If I could have a second chance to sit and work alongside her for just eight hours, things would be so different. I did not understand her. I went back and forth between compassion and total lack thereof. She was always tired and would literally lay her head on the desk and nap, while the rest of us carried her load. She had Multiple Sclerosis, and sixteen years ago I wasn't really sure what that was.
The compassion I had for her went beyond her MS because she also struggled with infertility and desperately wanted children. I had been going through secondary infertility for eight years myself, and knew firsthand just how emotionally draining that could be. She didn't understand my pain because I had a child. My lack of compassion towards her was rooted in my ignorance about the disease she was living with. She looked perfectly healthy.
I became pregnant and miscarried during the brief time we worked together. She was kind. When I became pregnant with my twin boys, she quit her job due to medical issues. She told me as she was leaving that she was happy for me but it was painful for her to be around me. I understood. She thanked me for always being nice to her and I felt immediate guilt. I knew that while I was not mean to her directly, my actions and my words when she was not present were not always nice.
When I was diagnosed with Multiple Sclerosis, I immediately thought of her. Looking back, I now realize that I had been having symptoms of MS long before I met her. She finally made sense to me. I realized she must have suffered from fatigue and was also likely dealing with the side effects of her medications. She was probably trying to keep working out of necessity, and that I can certainly relate to. In retrospect, I wish I would have been kind enough to take the time to educate myself on the disease my coworker was dealing with. Perhaps, I just wasn't ready for the knowledge of the future that lay ahead of me.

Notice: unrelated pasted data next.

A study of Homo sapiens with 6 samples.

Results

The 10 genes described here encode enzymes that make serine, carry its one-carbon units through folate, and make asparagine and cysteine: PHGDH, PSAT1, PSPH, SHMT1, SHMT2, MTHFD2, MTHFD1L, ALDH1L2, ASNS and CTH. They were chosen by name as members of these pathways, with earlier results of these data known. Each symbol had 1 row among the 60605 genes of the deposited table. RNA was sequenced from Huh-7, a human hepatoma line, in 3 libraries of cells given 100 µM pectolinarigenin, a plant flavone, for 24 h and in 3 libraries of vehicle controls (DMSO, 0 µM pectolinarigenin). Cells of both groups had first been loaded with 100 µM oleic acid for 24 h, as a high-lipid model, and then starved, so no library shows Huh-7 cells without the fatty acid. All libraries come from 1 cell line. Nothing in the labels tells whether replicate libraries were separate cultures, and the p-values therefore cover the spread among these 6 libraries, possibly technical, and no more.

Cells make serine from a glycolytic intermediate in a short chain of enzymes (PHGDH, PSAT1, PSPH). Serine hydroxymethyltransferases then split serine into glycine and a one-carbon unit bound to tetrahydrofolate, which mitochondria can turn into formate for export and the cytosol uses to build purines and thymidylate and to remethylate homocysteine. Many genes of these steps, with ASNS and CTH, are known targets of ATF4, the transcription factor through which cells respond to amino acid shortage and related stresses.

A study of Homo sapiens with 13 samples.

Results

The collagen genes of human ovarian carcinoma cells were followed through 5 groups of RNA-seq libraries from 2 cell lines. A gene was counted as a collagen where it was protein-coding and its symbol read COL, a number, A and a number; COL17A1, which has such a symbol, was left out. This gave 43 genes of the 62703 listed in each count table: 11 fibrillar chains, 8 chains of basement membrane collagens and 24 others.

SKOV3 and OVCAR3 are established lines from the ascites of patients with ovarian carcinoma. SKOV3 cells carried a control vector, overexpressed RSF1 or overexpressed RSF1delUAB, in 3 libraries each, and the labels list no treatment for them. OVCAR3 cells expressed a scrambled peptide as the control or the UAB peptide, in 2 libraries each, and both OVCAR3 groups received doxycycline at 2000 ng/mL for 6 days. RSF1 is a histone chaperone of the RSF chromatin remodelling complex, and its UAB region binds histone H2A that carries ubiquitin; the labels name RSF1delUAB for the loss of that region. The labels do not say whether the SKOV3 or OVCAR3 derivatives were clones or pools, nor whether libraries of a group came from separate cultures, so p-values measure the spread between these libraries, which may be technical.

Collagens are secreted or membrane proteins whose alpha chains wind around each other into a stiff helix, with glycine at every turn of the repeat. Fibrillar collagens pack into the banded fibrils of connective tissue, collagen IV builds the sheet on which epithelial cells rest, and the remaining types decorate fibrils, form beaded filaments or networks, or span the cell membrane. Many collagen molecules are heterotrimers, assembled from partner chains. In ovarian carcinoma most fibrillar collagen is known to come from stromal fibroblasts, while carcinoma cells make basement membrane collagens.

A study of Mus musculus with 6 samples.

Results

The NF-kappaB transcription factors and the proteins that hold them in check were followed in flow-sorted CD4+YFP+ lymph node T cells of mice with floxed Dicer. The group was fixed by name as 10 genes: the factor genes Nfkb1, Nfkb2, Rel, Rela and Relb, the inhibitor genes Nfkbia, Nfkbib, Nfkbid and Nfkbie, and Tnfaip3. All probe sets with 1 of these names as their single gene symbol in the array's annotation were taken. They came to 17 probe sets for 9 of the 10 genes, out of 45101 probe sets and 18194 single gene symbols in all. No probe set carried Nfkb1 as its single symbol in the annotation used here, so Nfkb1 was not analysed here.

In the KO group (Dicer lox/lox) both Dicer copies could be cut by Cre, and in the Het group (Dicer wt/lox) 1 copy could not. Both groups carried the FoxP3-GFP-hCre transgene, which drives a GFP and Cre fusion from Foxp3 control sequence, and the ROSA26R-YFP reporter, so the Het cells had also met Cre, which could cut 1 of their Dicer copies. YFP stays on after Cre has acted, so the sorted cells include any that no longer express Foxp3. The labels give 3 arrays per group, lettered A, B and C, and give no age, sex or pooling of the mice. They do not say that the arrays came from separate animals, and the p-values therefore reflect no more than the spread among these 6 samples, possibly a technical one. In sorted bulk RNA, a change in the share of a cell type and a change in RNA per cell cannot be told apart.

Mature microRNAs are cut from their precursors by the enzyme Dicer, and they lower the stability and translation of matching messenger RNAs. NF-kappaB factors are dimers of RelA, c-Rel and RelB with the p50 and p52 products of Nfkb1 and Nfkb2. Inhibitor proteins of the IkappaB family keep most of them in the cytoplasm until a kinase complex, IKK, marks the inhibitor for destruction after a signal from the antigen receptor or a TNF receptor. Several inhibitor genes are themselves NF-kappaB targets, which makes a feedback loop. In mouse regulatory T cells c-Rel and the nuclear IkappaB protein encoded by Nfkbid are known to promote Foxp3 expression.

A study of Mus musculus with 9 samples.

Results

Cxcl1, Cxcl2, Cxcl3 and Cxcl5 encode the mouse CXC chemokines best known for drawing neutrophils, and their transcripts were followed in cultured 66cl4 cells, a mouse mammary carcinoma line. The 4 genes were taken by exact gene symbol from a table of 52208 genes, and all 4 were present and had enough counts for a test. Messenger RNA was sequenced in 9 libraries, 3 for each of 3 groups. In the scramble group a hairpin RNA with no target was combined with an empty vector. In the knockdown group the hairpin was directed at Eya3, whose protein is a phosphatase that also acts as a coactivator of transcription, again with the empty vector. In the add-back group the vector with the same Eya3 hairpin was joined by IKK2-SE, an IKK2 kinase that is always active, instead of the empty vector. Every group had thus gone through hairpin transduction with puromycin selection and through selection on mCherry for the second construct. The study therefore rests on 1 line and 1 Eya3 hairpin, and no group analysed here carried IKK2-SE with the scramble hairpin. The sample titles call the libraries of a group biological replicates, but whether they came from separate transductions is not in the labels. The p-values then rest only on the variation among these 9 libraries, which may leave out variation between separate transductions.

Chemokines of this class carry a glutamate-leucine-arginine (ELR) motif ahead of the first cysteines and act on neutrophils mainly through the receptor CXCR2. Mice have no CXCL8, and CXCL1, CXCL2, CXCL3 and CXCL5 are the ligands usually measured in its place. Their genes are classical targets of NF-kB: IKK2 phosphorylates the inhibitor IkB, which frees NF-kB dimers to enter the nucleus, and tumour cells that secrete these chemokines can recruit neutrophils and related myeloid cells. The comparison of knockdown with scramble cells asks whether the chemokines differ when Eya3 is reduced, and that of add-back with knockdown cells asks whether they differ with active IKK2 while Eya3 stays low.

Today, I can say that the most beneficial part of our encounter is that I have a complete grasp of people’s lack of understanding. It's easy to see why someone can look at me and not understand that I am sick. While I know now there is huge difference between being tired and suffering from fatigue, I realize everyone does not. When I say I am tired and someone replies back that they are as well, I don't become defensive. Life is busy for everyone and people are just plain tired. MS is a disease that many can have and still look the picture of health on the outside, while a civil war of sorts rages inside as your own body is attacking itself. People often lack compassion because they lack understanding. Our biggest obstacle is not letting them cause us to become bitter. We have to enjoy the good days to the fullest, and on the bad days, just do what we have to do to take care of ourselves. On those bad days, we shouldn't dwell on the negative; depression is a beast in and of itself. We don't need to cut people off because they don't understand - unless those people are toxic. Sometimes we feel we are alone on an island, but all too often, we get ourselves there by choosing to get into the boat.